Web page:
Meibomian gland

Meibomian glands (often written with a small "m" and also called tarsal glands) are holocrine type exocrine glands, along the rims of the eyelid inside the tarsal plate. They produce meibum, an oily substance that prevents evaporation of the eye's tear film. Meibum prevents tears spilling onto the cheek, trapping the tears between the oiled edge and the eyeball, and making the closed lids airtight.[1] There are about 50 glands on the upper eyelid and 25 glands on the lower eyelid.

Front of left eye with eyelids separated to show medial canthus and openings of tarsal (meibomian) glands
Anatomical terminology

Dysfunctional meibomian glands often cause dry eyes, one of the more common eye conditions. They may also contribute to blepharitis.

The glands are named after Heinrich Meibom (1638–1700), a German physician.




Lipids are the major components of meibum (also known as "meibomian gland secretions"). The term "meibum" was originally introduced by Nicolaides et al. in 1981.[2]

The biochemical composition of meibum is extremely complex and very different from that of sebum. Lipids are universally recognized as major components of human and animal meibum. Recently, an update on the composition of human meibum and on the structures of various positively identified meibomian lipids was published.[3]

Currently, the most sensitive and informative approach to lipidomic analysis of meibum is mass spectrometry either with direct infusion[4][5] or in combination with liquid chromatography.[6]


In humans, more than 90 different proteins have been identified in meibomian gland secretions.[7]

Clinical significance

Meibomian glands in the lower eyelid imaged under amber light to show vasculature support and the gland structure.

Dysfunctional meibomian glands often cause dry eyes, one of the more common eye conditions. They may also contribute to blepharitis. Inflammation of the meibomian glands (also known as meibomitis, meibomian gland dysfunction, or posterior blepharitis) causes the glands to be obstructed by thick waxy secretions. Besides leading to dry eyes, the obstructions can be degraded by bacterial lipases, resulting in the formation of free fatty acids, which irritate the eyes and sometimes cause punctate keratopathy.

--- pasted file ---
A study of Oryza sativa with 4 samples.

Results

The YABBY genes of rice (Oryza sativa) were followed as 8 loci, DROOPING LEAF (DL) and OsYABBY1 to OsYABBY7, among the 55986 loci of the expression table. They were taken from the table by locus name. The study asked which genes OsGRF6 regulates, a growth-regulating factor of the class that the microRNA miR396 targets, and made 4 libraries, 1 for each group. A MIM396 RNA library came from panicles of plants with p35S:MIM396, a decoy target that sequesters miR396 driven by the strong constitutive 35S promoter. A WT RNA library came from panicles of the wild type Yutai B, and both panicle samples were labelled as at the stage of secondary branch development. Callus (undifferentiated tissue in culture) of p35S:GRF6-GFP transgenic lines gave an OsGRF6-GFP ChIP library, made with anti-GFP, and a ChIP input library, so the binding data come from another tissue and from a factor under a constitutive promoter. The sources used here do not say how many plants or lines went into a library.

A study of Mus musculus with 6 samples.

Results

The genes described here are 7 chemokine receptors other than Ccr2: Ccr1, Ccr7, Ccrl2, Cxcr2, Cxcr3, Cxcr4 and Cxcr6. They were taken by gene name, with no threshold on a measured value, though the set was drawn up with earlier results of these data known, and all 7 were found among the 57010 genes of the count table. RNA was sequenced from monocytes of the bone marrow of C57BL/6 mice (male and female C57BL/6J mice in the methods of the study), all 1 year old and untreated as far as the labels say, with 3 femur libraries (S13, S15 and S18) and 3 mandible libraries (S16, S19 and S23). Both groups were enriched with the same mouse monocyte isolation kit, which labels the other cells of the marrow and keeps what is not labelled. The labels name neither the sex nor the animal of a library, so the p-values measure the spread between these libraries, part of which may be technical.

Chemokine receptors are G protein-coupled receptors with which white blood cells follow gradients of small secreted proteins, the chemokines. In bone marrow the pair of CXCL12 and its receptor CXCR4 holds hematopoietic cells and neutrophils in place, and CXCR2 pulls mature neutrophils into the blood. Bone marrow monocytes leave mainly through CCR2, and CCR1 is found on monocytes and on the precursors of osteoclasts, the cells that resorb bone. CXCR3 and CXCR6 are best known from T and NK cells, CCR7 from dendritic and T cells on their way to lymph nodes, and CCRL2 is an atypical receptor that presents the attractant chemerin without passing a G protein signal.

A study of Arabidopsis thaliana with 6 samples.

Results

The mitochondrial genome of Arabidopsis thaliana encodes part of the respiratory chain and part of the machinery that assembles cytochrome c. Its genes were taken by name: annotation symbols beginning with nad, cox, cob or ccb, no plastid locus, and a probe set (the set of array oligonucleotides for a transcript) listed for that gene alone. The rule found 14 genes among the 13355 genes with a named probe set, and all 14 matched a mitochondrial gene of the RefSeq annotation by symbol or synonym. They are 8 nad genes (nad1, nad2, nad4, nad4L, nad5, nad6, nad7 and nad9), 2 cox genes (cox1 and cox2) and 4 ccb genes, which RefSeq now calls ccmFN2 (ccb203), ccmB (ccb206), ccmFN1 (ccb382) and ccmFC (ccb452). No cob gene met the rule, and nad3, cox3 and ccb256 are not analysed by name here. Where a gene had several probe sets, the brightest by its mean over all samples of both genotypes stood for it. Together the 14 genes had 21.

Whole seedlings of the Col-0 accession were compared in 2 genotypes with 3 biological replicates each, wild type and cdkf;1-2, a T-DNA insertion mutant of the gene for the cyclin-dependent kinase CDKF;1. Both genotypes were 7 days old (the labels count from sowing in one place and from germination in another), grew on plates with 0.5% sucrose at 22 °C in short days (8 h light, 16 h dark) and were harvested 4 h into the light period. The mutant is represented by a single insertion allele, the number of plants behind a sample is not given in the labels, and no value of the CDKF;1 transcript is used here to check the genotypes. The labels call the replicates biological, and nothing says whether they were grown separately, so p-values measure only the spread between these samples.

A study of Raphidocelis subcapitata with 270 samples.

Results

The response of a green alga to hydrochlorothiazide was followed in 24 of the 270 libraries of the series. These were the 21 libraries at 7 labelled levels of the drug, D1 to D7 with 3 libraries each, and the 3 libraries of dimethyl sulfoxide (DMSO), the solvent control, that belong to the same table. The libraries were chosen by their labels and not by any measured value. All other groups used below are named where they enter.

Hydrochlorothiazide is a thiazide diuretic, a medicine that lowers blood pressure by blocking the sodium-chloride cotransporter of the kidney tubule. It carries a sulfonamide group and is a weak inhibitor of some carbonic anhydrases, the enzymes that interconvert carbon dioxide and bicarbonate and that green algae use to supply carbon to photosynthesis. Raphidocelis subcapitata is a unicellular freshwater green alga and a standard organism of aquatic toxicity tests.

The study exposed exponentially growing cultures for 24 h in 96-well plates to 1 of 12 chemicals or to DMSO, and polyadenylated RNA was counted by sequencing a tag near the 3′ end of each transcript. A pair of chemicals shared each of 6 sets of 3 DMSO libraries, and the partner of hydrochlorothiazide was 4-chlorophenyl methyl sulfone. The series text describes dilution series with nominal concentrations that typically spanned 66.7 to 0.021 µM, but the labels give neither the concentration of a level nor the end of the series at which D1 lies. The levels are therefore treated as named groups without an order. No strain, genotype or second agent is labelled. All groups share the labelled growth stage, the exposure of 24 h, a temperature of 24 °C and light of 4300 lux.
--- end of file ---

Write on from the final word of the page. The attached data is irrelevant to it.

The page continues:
Meibomian gland dysfunction is more often seen in women and is regarded as the main cause of dry eye disease.[8][9] Factors that contribute to meibomian gland dysfunction can include things such as a person's age and/or hormones[10] or severe infestation of Demodex brevis mite. Treatment can include warm compresses or expression of the gland by a professional. Lifitegrast and Restasis are topical medication commonly used to control the inflammation and improve the oil quality. In some cases topical steroids and topical/oral antibiotics are also prescribed reduce inflammation. Intense pulsed light (IPL) treatments have also been shown to reduce inflammation and improve the gland function in patients. Meibomian gland probing is also used on patients which experience deep clogging of the glands.

Meibomian gland dysfunction may be caused by some prescription medications, notably isotretinoin.

See also


  1. "eye, human." Encyclopædia Britannica. Encyclopædia Britannica Ultimate Reference Suite. Chicago: Encyclopædia Britannica, 2010.
  2. Nicolaides, N; Kaitaranta, JK; Rawdah, TN; Macy, JI; Boswell, FM; Smith, RE (April 1981). "Meibomian gland studies: comparison of steer and human lipids". Invest Ophthalmol Vis Sci. 20 (4): 522–536. PMID 7194326.
  3. Butovich IA (November 2009). "The Meibomian puzzle: combining pieces together". Prog Retin Eye Res. 28 (6): 483–498. doi:10.1016/j.preteyeres.2009.07.002. PMC 2783885. PMID 19660571.
  4. Chen, J; Green-Church, K; Nichols, K (2010). "Shotgun lipidomic analysis of human meibomian gland secretions with electrospray ionization tandem mass spectrometry". Invest Ophthalmol Vis Sci. 51 (12): 6220–6231. doi:10.1167/iovs.10-5687. PMC 3055753. PMID 20671273.
  5. Chen, J; Nichols, K (2018). "Comprehensive shotgun lipidomics of human meibomian gland secretions using MS/MSall with successive switching between acquisition polarity modes". J Lipid Res. 59 (11): 2223–2236. doi:10.1194/jlr.D088138. PMC 6210907. PMID 30279222.
  6. Butovich, IA (2009). "Lipidomic analysis of human meibum using HPLC-MSn". Methods Mol Biol. 579: 221–246. doi:10.1194/jlr.D088138. PMID 19763478.
  7. Tsai, PS; Evans, JE; Green, KM; Sullivan, RM; Schaumberg, DA; Richards, SM; Dana, MR; Sullivan, DA (March 2006). "Proteomic analysis of human meibomian gland secretions". Br J Ophthalmol. 90 (3): 372–7. doi:10.1136/bjo.2005.080846. PMC 1856970. PMID 16488965.
  8. "Managing and Making Sense of MGD". Review of Ophthalmology. 2012. Retrieved 26 February 2014.
  9. "Rethinking Meibomian Gland Dysfunction: How to Spot It, Stage It and Treat It". American Academy of Ophthalmology. 2014. Retrieved 26 February 2014.
  10. "The Role of Meibomian Gland Dysfunction and Lid Wiper Epitheliopathy in Dry Eye Disease". American Academy of Optometry. 2012. Archived from the original on 9 October 2013. Retrieved 26 February 2014.